Fall is my favorite time of year, it's filled with memories and nostalgia about halloween costumes, holiday dinners and family. Although I'm not sure it is officially autumn yet, I recently cooked up one of my family's favorite fall-ish meals. Baked potatoes and chili usually have a pretty bad rap in the world of calories and saturated fat, but this vegetarian version is the exception. It is a comfort food you can indulge in freely!
This recipe makes enough to feed five, with plenty left over to either freeze for another time or serve the next day (maybe over tortilla chips).
I have a favorite way of cooking baked potatoes that I learned from my friend Jake, who is a wonderful chef. Instead of microwaving them (ew!) or wrapping in foil, simply puncture the potatoes a few times with a fork, rub in olive oil and salt and cook at 400 degrees for an hour, turning once half way through. They come out crispy on the outside and soft on the inside! Perfect!
1 large red onion, chopped
1 large anaheim chili pepper, seeds removed and chopped
1 pound of dried beans (your choice, I used 1/2 red beans, 1/2 pink beans)
2 cloves of garlic, chopped
fresh corn, removed from cob (optional)
1 can diced tomatoes
4 cups veggie broth (or water)
your choice of:
When making chili I always use dried beans. They are cheaper than canned (about $2.20 for a pound) and don't contain all the salt of canned beans. If you use red, pink or pinto beans they don't need overnight soaking but be sure to start them about 2.5-3 hours before you want dinner to be ready.
Rinse them and put them in a pot with lots of water (about 3x the amount of beans) bring to a boil and then remove from heat, cover and let sit for an hour. After an hour, rinse them, put in your veggie broth and can of diced tomatoes and bring to a boil. Let them simmer for about 20 minutes while we work on the other steps.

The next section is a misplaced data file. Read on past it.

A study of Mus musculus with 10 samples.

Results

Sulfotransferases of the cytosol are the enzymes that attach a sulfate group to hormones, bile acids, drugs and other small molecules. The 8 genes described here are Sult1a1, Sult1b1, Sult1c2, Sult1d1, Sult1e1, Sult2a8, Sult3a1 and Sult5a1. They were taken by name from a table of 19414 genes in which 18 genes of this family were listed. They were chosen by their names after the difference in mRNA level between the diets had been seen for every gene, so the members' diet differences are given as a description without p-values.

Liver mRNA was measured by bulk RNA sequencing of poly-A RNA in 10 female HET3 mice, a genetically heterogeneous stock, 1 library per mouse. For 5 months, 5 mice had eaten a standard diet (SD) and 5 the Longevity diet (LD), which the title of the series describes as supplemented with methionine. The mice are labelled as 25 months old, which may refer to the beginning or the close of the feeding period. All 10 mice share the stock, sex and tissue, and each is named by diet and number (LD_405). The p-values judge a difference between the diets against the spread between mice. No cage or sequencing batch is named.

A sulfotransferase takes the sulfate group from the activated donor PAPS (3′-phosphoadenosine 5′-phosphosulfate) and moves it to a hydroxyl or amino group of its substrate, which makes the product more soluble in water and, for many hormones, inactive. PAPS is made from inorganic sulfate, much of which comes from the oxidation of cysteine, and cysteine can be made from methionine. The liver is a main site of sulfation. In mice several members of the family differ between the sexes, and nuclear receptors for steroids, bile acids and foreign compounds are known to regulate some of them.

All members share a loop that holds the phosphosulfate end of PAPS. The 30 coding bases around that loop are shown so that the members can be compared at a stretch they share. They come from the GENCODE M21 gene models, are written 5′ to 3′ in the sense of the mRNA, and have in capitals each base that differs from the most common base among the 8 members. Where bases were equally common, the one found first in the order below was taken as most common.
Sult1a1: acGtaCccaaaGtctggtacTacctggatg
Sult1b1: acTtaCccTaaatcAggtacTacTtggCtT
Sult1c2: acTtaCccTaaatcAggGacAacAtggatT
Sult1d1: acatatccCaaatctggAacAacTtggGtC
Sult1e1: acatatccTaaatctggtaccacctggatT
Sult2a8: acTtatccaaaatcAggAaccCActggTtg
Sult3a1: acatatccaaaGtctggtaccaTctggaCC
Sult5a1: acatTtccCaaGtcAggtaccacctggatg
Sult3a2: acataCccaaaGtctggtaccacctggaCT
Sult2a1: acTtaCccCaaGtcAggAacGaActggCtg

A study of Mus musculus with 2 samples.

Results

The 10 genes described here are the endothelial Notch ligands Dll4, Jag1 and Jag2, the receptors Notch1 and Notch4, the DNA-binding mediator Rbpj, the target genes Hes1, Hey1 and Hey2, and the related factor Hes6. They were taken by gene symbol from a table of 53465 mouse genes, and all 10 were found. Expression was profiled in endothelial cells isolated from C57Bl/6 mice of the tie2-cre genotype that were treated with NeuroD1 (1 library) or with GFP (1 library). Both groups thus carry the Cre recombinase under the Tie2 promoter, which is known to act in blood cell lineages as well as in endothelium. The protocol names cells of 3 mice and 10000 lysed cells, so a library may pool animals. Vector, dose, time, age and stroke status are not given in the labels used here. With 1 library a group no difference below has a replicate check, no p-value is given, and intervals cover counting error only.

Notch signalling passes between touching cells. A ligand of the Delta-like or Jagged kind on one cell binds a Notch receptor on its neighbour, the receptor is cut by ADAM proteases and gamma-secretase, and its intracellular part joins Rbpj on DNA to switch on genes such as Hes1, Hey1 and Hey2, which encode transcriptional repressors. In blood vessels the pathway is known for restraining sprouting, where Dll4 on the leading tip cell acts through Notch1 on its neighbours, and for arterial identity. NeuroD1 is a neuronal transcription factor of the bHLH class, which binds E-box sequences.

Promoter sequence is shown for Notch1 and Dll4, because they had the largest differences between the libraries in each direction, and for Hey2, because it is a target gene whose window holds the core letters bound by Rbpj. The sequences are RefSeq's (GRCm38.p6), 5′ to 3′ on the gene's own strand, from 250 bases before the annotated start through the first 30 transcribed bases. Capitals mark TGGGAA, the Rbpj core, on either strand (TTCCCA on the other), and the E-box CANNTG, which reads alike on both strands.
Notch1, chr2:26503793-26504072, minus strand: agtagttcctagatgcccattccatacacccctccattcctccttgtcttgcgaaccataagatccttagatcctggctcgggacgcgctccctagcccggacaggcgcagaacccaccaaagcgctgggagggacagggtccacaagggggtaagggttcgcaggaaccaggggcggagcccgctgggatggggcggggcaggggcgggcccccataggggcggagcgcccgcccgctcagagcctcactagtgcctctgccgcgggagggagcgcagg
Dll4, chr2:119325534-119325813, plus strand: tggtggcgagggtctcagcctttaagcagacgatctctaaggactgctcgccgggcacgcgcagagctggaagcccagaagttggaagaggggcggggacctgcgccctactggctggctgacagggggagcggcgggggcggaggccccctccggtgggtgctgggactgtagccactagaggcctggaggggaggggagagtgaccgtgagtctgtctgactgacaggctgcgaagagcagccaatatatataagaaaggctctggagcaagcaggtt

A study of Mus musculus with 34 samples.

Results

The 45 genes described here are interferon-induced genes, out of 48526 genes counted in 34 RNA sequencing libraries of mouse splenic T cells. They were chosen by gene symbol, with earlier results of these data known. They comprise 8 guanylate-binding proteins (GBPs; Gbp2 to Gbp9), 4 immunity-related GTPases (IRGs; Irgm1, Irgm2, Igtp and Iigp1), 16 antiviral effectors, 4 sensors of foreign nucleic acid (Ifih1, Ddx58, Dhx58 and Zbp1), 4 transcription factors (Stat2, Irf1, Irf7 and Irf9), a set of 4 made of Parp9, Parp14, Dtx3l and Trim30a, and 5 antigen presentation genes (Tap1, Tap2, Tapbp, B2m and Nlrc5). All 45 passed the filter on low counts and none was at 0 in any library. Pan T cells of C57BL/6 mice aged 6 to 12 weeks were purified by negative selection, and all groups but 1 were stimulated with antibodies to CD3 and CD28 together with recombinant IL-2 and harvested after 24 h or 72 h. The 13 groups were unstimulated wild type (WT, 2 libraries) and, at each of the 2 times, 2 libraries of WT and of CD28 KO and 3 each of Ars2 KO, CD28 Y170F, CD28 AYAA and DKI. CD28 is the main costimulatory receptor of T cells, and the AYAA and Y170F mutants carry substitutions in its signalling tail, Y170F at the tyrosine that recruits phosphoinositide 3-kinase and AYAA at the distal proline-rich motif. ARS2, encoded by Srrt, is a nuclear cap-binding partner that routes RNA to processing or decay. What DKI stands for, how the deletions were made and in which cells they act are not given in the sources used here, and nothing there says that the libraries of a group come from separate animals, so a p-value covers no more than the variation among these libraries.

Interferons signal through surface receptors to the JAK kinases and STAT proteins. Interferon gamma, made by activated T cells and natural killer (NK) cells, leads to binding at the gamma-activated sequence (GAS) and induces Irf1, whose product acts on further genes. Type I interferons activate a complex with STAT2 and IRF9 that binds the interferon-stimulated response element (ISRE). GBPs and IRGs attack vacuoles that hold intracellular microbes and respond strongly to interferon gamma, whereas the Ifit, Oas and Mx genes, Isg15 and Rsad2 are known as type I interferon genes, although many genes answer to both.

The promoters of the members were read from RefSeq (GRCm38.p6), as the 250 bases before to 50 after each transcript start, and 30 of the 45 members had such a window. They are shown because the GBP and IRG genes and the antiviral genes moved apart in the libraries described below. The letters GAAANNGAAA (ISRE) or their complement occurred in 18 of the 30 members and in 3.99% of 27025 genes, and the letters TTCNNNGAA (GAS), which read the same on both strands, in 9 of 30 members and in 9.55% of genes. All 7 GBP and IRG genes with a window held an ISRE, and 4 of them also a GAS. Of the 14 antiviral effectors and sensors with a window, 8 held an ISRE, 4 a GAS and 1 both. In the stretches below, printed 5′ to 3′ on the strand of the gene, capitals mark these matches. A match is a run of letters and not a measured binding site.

Chop your veggies, saute onion, garlic and pepper until soft, about 5 minutes. Then add in a generous palmful each of chili, cumin and garlic salt. I always use more spice than I think I need, and it always comes out perfect. Adding the spices at this step will help release the flavor better than if you add it to the water.
Saute the spices/veggies for another 2 minutes or so, then add this to your simmering pot of beans. Cover and cook for about an hour, then check your beans. If they feel about 1/2 way cooked, remove the cover and let the pot simmer (to allow some of the water to cook off.)
Some people like their chili runny, others thick, the difference here will be on keeping the pot covered or uncovered. If the chili gets thick and your beans aren't quite done, you can cover them or add more water. If you are deciding to add corn to your chili (I love this, it adds color! But I didn't do it this time) you will want to add it only about 20 minutes (if raw) before the chili is done. Corn doesn't need much time to cook.When your chili is done, top your baked potato with a generous helping of chili and add on your favorite toppings!